Published: October 19, 2004
Dan Morphy and Tom Sage Jr, co-owners of Morphy Auctions, were not prepared for the $1.7 million result achieved by their recent sale at Adamstown Antique Gallery, only the second auction conducted since the firm began business last April with a $1.3 million debut.
The 1,306-lot inventory drew strong prices in virtually every category, including antique advertising, soda fountain dispensers, late Nineteenth Century through 1950s toys and cast iron doorstops and banks.
Leading prices realized was a very scarce pedestal version of J. & E. Stevens’ cast iron Jonah and the Whale bank, made in 1888. Amid a bidding frenzy that came from all directions, the allegorical money box opened at $85,000 and, within minutes, had fetched $121,000, a world auction record for that model.
Marbles, which opened the sale, fared better this time than in the spring sale, according to Morphy, probably because more affordable examples were included. Attaining an excellent price for a machine-made marble, a Golden Rebel by Peltier in 9.7 condition brought $2,200.
Exceptional condition combined with rarity to pull top-of-the-market prices on antique advertising and soda fountain rdf_Descriptions. A 13-inch ceramic Ward’s Lime-Crush syrup dispenser estimated at $¾,000 sold to the room for a record-setting $8,800.
One of the star lots of the sale, an 181/2-inch Villeroy & Boch syrup dispenser, also was taken by a phone bidder for $38,500. It finished at the top of its estimate range because of its extreme rarity – “only a few examples are known,” said Morphy – and the presence of its lid, which tends to be missing on this particular piece.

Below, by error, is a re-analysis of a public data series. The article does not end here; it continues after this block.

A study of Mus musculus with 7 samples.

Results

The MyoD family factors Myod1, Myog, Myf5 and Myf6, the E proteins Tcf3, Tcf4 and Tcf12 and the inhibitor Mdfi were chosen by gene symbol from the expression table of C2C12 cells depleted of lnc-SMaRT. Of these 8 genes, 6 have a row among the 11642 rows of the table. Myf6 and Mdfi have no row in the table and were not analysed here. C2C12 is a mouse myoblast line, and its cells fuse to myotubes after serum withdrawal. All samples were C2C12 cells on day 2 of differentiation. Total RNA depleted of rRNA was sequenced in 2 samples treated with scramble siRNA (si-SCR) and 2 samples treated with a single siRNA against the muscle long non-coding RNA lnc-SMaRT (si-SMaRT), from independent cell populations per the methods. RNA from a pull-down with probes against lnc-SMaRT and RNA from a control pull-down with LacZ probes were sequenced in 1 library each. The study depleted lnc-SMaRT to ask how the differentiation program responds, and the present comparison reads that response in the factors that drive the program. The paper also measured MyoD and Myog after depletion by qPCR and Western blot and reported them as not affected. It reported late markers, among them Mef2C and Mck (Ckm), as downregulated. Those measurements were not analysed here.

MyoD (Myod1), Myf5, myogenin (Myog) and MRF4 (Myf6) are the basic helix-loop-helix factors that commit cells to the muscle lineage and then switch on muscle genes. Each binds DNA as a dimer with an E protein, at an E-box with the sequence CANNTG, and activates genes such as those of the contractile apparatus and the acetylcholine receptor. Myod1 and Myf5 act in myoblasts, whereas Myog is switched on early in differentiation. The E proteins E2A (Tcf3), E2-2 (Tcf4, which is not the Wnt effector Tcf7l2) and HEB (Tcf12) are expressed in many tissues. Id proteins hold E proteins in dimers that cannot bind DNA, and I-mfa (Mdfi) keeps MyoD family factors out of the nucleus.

Among colorful advertising from the late Nineteenth and early Twentieth Century, a 19-inch round tin example hawking Fatima Turkish Blend Cigarettes, reached $8,250.
Not long into Saturday’s session, a Marklin 20-inch tin clockword Luzern riverboat cruised to $11,000. Next was a selectin of tin Popeye character toys, led by an 111/2-inch strength-testing bell-ringer variation, which sold with its original box for $14,300.
An extensive collection of Hubley horse-drawn Royal Circus vans included a 231/4-inch farmer van drawn by four black horses wearing red plumes, which achieved $8,800. Two seldom-seen giraffe vans sparked fierce competition: a green version attracted $7,700 and a red variation surpassed it at $11,000.
In addition to the aforementioned Jonah and the Whale example, the cast iron mechanical bank category featured an uncommon gold variation of Charles A. Bailey’s Springing Cat bank, patented in 1882, which leaped to $30,250. An 1876 J. & E. Stevens Panorama bank, which displays changing pictures across its front, was driven by bidders to $38,500.
Prices reported include ten percent buyer’s premium.